1. This application is connected with Criminal Revision No. 107 of 1933 Vide : AIR1933All612 Ed. and has been made like that by Mr. R.N. Basu, Secretary of the District Bar Association, Allahabad, on behalf of the accused B. Parshottam Das Tandon, who was fined Rs. 200 under Section 32, Police Act, by the City Magistrate of Allahabad. I have discussed in the connected case the question of whether an application for revision can be entertained by the High Court without having been presented in the Sessions Court, and held that in certain specified cases an application may be entertained, and I have held further that even where an accused person, as in this present case, refuses to plead and shows himself ready to be sent to jail, it is nevertheless the duty of the Court to sift the evidence for the prosecution and to refuse to convict the accused if the evidence is insufficient to prove a definite offence, not only because this proceeding is required by the law but also because the Courts have a duty to protect the tax-payer from expenditure which cannot be justified. In the present case the accused was served with an order under Section 30, Police Act of 1861, directing him and the other conveners of a meeting to apply for a license. They did not apply for a license, and when there were preparations to hold the meeting without it the accused attempted to harangue a crowd which had collected, and was promptly arrested. The facts are given fully and clearly in the judgment of the learned City Magistrate, and the only question that arises in revision is whether the Parshottam Das Park can be held to be a 'public road,' 'street' or 'thoroughfare' within the meaning of those words as used in Section 30, Police Act. The accused was actually convicted under Section 32 of the Act, for having disobeyed the order passed under Section 30, and as he undoubtedly disobeyed the order the question is whether the order was ultra vires or not. If the Parshottam Das Park cannot be held to be a public thoroughfare, the conviction must be held to be invalid.
2. The learned Magistrate has pointed out that the park is a public place, being maintained by the Municipality for the benefit of the public, and according to his dictionary a 'thoroughfare' is defined as 'a way by which people pass.' The park contains two gates with paths leading from one to the other and is surrounded on all sides by important roads, so that people do pass through it. He therefore concluded' that:
the park or at any rate paths through it come within the strict definition of a thoroughfare, Though I agree that this is not exactly the everyday way in which one uses the word.
3. He further went on to say that in the order issued by the police under Section 30, the words 'Parshottam Das Park' were used as a convenient way of describing the central point of the proposed meeting and:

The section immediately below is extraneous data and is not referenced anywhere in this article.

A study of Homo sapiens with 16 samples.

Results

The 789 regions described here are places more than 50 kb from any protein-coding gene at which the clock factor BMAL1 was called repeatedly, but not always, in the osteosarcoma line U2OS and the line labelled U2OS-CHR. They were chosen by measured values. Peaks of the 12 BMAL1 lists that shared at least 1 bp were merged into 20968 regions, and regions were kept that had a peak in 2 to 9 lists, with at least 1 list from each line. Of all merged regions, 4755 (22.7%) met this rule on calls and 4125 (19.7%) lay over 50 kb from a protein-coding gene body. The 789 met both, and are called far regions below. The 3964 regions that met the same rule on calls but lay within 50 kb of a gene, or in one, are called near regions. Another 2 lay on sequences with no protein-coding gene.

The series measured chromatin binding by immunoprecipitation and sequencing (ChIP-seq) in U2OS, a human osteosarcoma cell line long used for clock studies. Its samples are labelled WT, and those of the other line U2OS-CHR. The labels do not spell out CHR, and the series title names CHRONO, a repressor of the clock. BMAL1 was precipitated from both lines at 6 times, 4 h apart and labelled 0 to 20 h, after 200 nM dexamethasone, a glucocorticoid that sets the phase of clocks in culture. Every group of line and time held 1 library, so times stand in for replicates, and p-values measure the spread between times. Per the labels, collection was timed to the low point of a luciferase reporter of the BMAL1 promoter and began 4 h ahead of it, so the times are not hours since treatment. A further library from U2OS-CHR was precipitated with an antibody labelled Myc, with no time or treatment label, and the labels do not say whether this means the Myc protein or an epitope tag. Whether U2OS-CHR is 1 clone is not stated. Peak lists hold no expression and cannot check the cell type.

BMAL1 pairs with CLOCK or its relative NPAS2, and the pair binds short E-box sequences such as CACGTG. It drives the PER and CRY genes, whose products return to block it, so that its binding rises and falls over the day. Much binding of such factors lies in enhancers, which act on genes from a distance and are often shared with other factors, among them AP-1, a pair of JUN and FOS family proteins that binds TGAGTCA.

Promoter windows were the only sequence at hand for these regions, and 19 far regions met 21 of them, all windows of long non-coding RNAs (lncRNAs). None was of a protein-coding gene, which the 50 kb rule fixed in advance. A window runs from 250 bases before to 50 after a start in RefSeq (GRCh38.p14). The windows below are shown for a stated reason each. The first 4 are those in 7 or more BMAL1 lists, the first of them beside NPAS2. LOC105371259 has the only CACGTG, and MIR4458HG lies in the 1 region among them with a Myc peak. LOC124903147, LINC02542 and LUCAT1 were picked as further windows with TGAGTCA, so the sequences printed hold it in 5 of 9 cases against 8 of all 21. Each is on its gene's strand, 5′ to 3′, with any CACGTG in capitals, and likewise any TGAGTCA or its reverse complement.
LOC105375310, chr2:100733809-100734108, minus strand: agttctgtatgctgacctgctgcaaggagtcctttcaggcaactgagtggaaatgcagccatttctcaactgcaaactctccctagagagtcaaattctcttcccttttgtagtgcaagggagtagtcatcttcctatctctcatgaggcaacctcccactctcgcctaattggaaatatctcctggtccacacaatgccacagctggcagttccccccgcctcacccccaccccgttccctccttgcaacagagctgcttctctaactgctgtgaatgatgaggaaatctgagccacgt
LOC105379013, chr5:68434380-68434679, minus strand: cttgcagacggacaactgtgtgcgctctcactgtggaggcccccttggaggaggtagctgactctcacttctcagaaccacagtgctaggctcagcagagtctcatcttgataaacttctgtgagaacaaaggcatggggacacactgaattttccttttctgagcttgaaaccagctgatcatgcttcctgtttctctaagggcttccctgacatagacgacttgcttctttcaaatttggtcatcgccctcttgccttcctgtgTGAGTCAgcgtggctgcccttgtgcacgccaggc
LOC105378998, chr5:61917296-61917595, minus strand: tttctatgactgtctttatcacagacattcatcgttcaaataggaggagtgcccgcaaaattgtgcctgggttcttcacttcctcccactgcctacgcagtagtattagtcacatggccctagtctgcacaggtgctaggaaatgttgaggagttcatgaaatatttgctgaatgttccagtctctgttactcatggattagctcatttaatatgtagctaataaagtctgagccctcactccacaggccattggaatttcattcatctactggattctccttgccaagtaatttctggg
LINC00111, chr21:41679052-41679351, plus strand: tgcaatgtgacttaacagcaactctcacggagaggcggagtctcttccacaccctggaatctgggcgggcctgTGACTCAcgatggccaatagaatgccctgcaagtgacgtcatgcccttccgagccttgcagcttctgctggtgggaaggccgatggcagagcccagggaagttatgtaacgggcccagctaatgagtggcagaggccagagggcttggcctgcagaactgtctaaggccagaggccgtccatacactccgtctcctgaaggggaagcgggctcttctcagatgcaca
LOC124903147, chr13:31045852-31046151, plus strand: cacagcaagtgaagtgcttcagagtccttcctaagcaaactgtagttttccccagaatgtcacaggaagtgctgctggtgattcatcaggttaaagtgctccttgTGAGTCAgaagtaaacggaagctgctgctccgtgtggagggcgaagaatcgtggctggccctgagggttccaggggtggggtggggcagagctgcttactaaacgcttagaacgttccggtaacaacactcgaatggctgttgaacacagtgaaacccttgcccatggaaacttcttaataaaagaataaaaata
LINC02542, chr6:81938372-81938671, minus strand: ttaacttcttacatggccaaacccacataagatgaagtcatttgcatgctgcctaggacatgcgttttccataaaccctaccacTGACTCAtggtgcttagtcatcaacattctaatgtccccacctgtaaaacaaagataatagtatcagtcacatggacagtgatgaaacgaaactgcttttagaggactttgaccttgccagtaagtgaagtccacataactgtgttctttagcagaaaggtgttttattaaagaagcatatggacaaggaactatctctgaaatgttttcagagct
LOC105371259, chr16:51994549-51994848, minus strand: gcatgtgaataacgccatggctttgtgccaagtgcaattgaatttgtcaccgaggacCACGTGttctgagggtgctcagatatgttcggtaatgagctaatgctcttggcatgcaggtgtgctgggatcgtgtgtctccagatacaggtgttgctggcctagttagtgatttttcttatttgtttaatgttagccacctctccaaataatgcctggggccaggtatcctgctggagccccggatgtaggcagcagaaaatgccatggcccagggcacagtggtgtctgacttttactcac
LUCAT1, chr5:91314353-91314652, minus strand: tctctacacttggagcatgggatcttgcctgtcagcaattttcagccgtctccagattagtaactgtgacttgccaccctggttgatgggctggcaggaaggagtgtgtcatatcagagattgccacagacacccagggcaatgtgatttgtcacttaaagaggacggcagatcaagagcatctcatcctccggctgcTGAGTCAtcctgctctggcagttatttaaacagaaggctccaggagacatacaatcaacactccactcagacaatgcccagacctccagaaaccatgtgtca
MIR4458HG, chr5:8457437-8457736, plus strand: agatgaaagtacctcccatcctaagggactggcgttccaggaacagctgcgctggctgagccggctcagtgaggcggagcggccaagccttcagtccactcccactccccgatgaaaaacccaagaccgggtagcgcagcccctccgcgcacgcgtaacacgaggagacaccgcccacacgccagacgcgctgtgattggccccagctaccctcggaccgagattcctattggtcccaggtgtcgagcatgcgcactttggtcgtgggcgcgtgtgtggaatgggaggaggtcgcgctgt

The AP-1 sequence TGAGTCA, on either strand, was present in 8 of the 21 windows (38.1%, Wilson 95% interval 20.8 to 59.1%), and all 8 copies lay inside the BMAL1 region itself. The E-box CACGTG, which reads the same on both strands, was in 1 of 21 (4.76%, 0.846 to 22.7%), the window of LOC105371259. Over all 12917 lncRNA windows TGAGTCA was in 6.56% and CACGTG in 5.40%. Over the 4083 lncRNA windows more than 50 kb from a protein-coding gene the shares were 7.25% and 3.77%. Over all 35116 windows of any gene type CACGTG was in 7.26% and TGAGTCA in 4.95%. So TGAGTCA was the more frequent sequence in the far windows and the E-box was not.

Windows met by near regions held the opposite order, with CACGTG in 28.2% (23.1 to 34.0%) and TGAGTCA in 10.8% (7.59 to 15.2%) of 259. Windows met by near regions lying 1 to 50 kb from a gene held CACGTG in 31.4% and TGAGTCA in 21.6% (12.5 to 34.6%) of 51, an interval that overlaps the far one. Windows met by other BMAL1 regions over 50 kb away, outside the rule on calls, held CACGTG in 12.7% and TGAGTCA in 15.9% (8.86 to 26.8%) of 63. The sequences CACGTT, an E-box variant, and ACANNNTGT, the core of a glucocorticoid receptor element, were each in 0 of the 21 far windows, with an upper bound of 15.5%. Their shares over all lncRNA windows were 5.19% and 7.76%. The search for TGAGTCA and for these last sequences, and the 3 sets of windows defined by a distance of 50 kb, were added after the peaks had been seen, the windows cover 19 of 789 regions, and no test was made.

must be presumed to include the immediately adjoining roads by which people had to arrive and. n to which the meeting was likely to overflow.
4, The orders however related to the Parshottam Das Park, and if the meeting were held or an attempt were made to hold it on adjoining roads and not in the park itself, I think it is clear that the order under Section 30 cannot be applied. However the question is whether the order itself was ultra vires, and on this point, after hearing counsel for both sides and considering the matter to the best of my ability, I have come to the conclusion that I cannot agree with the Magistrate. There may be a public right of way through the Parshottam Das Park, but this has not been proved one way or the other. I understand that the Municipal Board have powers to close the park to the public on certain conditions. It is certain however that the park is not intended to be exclusively used as a thoroughfare, or as a way by which people pass, and this is not its chief or primary object. It is no doubt a public place, but Section 30, Police Act, does not refer to a public place. Presumably the park contains grass, flower-beds, etc., etc., and although the public may have a right to walk through it, it does not follow from that that they have a right to play on the grass or to trample on the flowers, and an order that would apply to the paths would not necessarily apply to the grass and the flowers and the other parts of the park, nor would orders that would prevent the abuse of the grass and the flowers necessarily affect the paths. It cannot, in fact, be said that the whole of the park is a thoroughfare, and, in my opinion, the police authorities were not justified by law in calling the whole of the park a thoroughfare and, in issuing an order under Section 30 relating to the whole park on the ground that it was a public thoroughfare. If there were an doubt on the point it was the duty of the Court below to give the benefit of the doubt to the accused and not to the prosecution. I must therefore allow the revision, and I set aside the order of conviction and the sentence passed by the Magistrate. The fine, if paid, will be refunded.